Farm bill extension brings uncertainty to dairy farmers

At one time, Arkansas had 2,000 dairy farmers in the state. Ten years ago, that number was down to 700. Today there are just about 90 dairy farms in the state, and dairy producer Frederick Simon predicts that if something doesn't change, by next year fewer than 50 will remain in business.

"No one wants to work an entire lifetime and never be able to make any money," explained Simon.

By nature, dairy farmers are planners because deadlines can't be missed on a farm, and that might explain why it's so hard for them to understand when deadlines are missed on Capitol Hill.

"To push it to the last day and not do anything ahead of time to me, it's a let down of our Congressional system in Washington," said Simon.

This year, dairy farmers like Simon were hoping for some major changes. What they got was a one year extension of the current legislation.

"There's one thing that's for certain. What they've been doing with our past farm bill has not been working," said Simon.

The system, he says, is antiquated and the numbers used to calculate the cost are based on a era long gone.

"They were designed for a time when milk was transported by horse and buggy, not 18-wheelers on the interstate highway system," explained Simon.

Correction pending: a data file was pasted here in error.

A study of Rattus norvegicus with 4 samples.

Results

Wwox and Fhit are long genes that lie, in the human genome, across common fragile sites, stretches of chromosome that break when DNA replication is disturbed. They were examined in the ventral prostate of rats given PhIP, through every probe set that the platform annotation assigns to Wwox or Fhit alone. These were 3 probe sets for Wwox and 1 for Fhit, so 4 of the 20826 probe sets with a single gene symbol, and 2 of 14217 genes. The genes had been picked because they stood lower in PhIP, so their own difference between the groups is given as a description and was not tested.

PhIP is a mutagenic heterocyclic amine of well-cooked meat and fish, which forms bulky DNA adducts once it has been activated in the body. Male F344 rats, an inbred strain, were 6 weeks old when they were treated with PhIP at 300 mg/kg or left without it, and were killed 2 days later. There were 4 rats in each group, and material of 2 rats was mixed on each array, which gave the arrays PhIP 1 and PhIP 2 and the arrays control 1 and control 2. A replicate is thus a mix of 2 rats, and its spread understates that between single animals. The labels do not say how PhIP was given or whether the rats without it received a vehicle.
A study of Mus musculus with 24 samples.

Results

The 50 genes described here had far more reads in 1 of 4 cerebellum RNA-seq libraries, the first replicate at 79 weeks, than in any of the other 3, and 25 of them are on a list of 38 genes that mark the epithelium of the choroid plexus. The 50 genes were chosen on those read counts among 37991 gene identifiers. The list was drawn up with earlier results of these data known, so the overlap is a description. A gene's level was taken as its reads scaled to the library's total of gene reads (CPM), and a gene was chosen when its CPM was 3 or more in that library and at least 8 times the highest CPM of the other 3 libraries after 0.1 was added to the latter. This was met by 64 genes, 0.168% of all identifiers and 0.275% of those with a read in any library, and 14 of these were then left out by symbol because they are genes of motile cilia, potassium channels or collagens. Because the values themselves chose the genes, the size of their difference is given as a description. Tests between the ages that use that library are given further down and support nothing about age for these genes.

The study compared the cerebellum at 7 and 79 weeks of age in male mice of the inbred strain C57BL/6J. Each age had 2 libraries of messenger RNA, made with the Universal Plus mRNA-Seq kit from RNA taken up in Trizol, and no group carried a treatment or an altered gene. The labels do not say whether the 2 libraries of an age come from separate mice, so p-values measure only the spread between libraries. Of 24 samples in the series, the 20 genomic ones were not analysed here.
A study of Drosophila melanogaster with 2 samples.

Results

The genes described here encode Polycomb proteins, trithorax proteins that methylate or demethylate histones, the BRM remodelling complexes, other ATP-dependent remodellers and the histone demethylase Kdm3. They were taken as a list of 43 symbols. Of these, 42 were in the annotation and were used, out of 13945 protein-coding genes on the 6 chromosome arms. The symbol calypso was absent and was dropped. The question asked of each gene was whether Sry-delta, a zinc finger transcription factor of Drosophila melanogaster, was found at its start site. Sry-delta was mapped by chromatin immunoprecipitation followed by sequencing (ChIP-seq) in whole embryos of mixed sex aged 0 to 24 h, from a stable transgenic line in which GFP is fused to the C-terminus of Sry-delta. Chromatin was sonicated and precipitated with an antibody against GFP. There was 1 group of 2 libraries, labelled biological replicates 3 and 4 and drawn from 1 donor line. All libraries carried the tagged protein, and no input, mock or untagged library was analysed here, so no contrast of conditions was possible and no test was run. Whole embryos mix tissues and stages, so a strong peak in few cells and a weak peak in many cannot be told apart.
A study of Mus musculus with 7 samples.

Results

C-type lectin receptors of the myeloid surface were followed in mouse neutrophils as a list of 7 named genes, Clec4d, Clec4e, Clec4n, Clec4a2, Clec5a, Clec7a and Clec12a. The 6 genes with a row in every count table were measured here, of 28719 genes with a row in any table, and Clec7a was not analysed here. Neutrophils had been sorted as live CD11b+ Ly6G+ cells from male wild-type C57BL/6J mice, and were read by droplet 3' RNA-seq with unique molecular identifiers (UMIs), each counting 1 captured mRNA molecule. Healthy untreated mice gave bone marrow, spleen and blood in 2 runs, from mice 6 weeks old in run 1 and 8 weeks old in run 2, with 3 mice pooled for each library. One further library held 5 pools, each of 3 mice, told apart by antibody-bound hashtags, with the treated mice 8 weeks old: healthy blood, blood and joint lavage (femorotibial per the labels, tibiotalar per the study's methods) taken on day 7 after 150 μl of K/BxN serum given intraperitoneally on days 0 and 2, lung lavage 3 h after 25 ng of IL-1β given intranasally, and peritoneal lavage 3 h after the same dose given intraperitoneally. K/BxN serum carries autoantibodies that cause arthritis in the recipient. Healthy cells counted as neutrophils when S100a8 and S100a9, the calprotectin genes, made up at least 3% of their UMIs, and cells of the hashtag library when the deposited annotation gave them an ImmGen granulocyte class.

He says it's tough to just break even and blames the old bill for a dramatic decline in Arkansas dairy farmers.

"It hurts me to think that half of the industry in the state will be out of business within the next year."

That decline could also impact consumers. As dairy cows disappear from Arkansas, local producer Coleman Dairy will have to look farther out to fill the milk jugs.

"We've seen just an unbelievable reduction which means our milk has to come from a lot farther away. You have to haul it in here. You've got the transportation costs. Obviously, fuel is not inexpensive, and so it just runs up the cost for everybody," said Coleman.

Simon says that's the wrong reason for a price increase. He'd like to see a new bill allowing between a 10 and 30 cent per gallon increase which would to go back to the farm.

There's no telling when this new Congress will take on the farm bill this session, but they certainly will have to address it before the year is over. Simon hopes this time they will take a note from farmers and start planning now.